Immune response associated with inflammation and joint damage in rheumatoid arthritis
To diagnose rheumatoid arthritis, antibodies to the amino acid citrulline are commonly measured. A new study from Uppsala University shows that a broad mix of different antibodies in the joints is the dominant factor that can be associated with severe inflammation and joint damage. These findings, published in Annals of the Rheumatic Diseases, may eventually lead to improved diagnostics.
Rheumatoid arthritis (RA) is a chronic inflammatory disease that affects joints and other organs. To assist diagnosis of the disease, analysis of antibodies to the amino acid citrulline is performed. These ACPAs (anti-citrullinated protein antibodies), which form in response to inflammation, were first described some 20 years ago. ACPAs can be demonstrated in roughly two-thirds of all patients with rheumatoid arthritis.
Subsequent research has shown genetic differences between RA patients with and without ACPAs. The onset of ACPA-positive RA has also proved to be strongly associated with smoking, while this does not apply to RA patients without ACPA.
"So RA patients with and without ACPA probably have different diseases with separate causes, but start with a similar clinical picture," explains Professor Johan Rönnelid, who heads the research team behind the study.
As a category, RA patients with ACPAs have more joint inflammation, with more joint damage assessed by means of X-rays, than RA patients without ACPAs. Common ACPA tests are designed to detect most ACPAs irrespective of which proteins they react with, but it is known that different RA patients react by producing antibodies against different citrullinated proteins or protein fragments.
When auto-antibodies bind to corresponding substances naturally produced by (native to) the body, immune complexes are formed that can then trigger inflammation. As two research groups have shown, ACPAs can form these immune complexes in vitro and cause inflammation there. ACPAs have been assumed to induce inflammation through their presence in immune complexes in the inflamed joint.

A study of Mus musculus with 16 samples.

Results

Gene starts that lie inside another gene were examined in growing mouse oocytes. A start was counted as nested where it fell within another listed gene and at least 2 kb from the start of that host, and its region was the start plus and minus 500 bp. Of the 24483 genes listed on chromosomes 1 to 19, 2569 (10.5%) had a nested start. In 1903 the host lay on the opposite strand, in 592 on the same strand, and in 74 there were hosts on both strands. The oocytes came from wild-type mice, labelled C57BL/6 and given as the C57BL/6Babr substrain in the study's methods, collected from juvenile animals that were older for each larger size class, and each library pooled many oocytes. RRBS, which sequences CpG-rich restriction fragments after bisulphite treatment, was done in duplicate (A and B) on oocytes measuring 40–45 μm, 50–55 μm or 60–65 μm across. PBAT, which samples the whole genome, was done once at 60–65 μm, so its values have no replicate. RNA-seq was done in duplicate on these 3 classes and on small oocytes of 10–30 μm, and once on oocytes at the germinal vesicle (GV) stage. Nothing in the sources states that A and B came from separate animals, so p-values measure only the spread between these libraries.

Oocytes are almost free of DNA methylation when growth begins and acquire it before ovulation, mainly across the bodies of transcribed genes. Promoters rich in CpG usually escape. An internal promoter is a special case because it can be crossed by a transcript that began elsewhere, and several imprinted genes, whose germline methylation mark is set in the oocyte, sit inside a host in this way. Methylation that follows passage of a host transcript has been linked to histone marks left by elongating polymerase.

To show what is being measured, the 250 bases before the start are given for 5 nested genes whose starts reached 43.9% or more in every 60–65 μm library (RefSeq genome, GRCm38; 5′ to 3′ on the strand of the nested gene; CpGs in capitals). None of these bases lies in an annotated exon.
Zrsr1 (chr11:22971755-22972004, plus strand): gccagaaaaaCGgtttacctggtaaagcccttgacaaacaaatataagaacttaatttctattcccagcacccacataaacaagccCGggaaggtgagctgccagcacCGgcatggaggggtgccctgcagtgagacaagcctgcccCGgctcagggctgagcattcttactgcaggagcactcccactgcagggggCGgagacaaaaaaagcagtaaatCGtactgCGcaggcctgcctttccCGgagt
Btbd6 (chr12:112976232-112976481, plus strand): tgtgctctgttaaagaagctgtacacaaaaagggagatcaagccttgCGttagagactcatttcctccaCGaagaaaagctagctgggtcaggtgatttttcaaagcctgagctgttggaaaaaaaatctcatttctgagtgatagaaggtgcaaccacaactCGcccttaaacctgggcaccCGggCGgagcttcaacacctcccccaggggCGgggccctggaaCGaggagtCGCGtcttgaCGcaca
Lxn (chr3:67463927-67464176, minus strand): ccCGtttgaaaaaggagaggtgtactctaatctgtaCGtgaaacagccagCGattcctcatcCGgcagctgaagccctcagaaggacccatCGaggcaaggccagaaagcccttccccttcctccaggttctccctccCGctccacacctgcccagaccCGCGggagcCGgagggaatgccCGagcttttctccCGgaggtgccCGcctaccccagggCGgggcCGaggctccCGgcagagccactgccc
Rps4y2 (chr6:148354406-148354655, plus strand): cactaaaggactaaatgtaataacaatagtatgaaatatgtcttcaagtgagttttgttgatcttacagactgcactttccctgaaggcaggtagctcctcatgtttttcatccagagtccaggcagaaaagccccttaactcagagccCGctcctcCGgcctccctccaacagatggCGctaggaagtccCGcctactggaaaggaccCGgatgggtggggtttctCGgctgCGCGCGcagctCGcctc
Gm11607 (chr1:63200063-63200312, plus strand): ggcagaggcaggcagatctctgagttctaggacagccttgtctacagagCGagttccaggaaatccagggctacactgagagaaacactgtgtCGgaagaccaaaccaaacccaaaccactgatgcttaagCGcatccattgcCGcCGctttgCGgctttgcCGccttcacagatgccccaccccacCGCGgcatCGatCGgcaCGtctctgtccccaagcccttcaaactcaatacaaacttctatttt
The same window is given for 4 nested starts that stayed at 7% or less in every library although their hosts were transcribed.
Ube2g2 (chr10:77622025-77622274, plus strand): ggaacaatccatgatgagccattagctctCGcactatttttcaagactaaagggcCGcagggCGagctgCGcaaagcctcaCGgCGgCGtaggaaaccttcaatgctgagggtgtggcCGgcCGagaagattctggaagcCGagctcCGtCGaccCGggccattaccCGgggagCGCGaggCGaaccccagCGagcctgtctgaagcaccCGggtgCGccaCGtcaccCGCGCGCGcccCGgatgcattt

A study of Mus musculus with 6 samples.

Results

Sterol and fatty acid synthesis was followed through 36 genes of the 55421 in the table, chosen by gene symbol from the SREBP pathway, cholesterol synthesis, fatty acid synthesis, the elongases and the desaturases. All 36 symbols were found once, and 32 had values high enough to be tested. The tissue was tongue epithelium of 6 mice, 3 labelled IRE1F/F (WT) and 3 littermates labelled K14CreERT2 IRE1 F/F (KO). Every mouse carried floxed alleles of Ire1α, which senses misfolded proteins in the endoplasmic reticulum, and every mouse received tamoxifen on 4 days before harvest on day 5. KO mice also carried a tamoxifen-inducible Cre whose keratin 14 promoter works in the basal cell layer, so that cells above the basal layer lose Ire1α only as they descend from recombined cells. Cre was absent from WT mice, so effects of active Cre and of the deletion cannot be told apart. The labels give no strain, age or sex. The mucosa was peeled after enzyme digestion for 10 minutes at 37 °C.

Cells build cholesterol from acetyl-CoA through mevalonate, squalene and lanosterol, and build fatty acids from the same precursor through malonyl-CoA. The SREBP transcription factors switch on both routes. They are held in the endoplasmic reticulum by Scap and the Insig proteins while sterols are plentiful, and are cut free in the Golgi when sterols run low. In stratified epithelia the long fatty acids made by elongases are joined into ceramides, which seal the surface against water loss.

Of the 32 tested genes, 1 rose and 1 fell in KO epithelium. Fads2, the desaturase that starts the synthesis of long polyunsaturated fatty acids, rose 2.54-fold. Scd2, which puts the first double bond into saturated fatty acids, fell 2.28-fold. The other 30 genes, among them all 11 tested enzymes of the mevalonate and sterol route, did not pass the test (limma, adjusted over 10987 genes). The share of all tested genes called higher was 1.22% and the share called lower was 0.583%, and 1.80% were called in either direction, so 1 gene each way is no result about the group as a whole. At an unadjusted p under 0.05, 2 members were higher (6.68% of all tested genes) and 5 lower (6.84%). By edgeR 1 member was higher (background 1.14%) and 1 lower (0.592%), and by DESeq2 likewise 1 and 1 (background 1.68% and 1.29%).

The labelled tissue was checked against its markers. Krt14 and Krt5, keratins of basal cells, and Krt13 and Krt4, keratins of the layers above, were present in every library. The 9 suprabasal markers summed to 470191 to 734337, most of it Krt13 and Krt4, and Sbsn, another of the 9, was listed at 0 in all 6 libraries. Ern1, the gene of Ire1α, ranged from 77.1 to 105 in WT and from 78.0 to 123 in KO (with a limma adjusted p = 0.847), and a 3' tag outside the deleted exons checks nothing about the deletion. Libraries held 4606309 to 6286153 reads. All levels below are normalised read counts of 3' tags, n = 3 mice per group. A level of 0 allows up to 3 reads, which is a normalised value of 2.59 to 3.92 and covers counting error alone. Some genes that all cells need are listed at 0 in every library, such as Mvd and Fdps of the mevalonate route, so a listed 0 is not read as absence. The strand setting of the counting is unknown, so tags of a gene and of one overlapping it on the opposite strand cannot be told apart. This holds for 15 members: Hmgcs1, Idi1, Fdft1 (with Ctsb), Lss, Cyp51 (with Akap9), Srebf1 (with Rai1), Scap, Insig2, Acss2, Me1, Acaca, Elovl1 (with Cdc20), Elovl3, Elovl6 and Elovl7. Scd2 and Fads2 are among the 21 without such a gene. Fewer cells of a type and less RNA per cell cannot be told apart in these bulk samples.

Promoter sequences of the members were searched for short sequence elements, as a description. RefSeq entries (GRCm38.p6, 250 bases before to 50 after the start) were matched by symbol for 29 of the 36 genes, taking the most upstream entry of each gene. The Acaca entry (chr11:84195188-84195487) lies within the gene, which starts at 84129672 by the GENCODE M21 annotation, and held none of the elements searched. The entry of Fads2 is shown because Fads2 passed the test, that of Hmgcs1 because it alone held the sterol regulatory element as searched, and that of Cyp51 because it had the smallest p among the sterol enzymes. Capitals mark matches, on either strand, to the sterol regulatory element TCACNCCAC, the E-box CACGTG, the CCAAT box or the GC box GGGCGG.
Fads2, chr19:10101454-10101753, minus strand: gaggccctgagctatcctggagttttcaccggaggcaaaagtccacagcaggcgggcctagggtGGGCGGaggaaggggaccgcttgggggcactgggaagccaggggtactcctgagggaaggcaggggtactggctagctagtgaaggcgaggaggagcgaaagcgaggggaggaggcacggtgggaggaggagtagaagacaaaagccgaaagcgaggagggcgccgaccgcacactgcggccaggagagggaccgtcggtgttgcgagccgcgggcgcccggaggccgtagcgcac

"But no one has previously shown that immune complexes containing ACPAs are present in RA patients' body fluids. Overall, there has been very little research on which antibodies are present in immune complexes associated with different diseases, since practicable lab methods have been lacking," Rönnelid says.
Azita Sohrabian, a Ph.D. student and research engineer at the Department of Immunology, Genetics and Pathology at Uppsala University, has developed a method of isolating immune complexes from various body fluids, and then combined this method with measurement of 19 ACPAs against various citrulline-containing protein fragments in serum and synovial fluid, and in immune complexes, from 77 RA patients. No single ACPA was found to be generally more associated than the other ACPAs with the degree of inflammation and joint damage. On the other hand, the number of different ACPAs that it was possible to demonstrate in the immune complexes from inflamed joints was associated with several different measures of joint destruction and inflammation.
These findings support the suspicion that ACPAs can be pathogenic by forming immune complexes in the joints of RA patients, where these immune complexes can then cause joint inflammation. No single ACPA appears to be particularly important. Instead, the results indicate that a wide range of ACPAs in immune complexes from the joints can induce the local inflammation and drive the process of joint damage in RA. These findings correspond to what has previously been shown in antibody-induced joint inflammation in experimental animals, where various different antibodies to the same protein are required simultaneously to generate inflammation.